Last week's Google gathering on how to combat organized crime garnered headlines, but many questions remain unanswered.
Insight Crime researches, analyzes, and investigates organized crime in the Americas. Find all of Steven Dudley's research here.
Google Ideas' two-day conference on how to best use technology to fight criminal networks was a forum for tough, anti-mafia rhetoric, but competing interests and few concrete proposals make the proposed geek-government-activist partnership more difficult than advertised.
If there was doubt about Google's resolve in fighting what it calls "Illicit Networks," some of it was washed away with a few words from Executive Chairman Eric Schmidt on day one of the conference: "At the end of the day, there really are bad people, and you have to go in and arrest them and kill them."
The statement, which came during the question-and-answer session and was cut from the video version below, seemed to stun all but Google Ideas' own employees who have seen the more combative side of Mr. Schmidt on his recent trips to Ciudad Juarez, among other places. The conference continued apace with panelists and Google staff alike touting the need to fight the worldwide problem, in large part through technology.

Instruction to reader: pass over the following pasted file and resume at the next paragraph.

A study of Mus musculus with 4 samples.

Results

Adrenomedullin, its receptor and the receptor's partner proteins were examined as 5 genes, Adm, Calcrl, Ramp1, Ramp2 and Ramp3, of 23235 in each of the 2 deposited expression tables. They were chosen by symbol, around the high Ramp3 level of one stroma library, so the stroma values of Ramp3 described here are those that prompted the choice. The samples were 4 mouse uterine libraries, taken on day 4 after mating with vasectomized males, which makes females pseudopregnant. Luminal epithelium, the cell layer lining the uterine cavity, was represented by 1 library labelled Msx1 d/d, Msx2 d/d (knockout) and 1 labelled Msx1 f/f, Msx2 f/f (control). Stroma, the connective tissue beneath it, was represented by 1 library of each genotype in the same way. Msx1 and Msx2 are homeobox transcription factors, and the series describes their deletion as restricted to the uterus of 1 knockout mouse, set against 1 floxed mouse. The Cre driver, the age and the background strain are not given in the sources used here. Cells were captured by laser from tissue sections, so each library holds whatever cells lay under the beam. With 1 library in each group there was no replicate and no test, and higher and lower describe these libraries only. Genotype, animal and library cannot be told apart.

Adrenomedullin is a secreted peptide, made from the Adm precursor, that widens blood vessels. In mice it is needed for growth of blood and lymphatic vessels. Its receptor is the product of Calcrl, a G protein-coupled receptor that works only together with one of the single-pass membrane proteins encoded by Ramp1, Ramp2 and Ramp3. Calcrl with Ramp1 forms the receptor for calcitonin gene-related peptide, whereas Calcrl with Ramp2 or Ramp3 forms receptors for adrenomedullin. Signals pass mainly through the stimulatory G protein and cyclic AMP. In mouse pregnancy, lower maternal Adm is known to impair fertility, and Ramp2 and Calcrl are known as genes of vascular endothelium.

For his part, Schmidt went on to stress the ubiquity and value of cellular phones as well as the use of "packet switching," a means to break information into pieces and distribute it to the right people and places in a way that provides anonymity to the sender and pushes for maximum accountability of the people who receive and process that information. In this way, Google hopes, it can help ensure that timely, accurate information about criminal activities goes to responsible, responsive government authorities.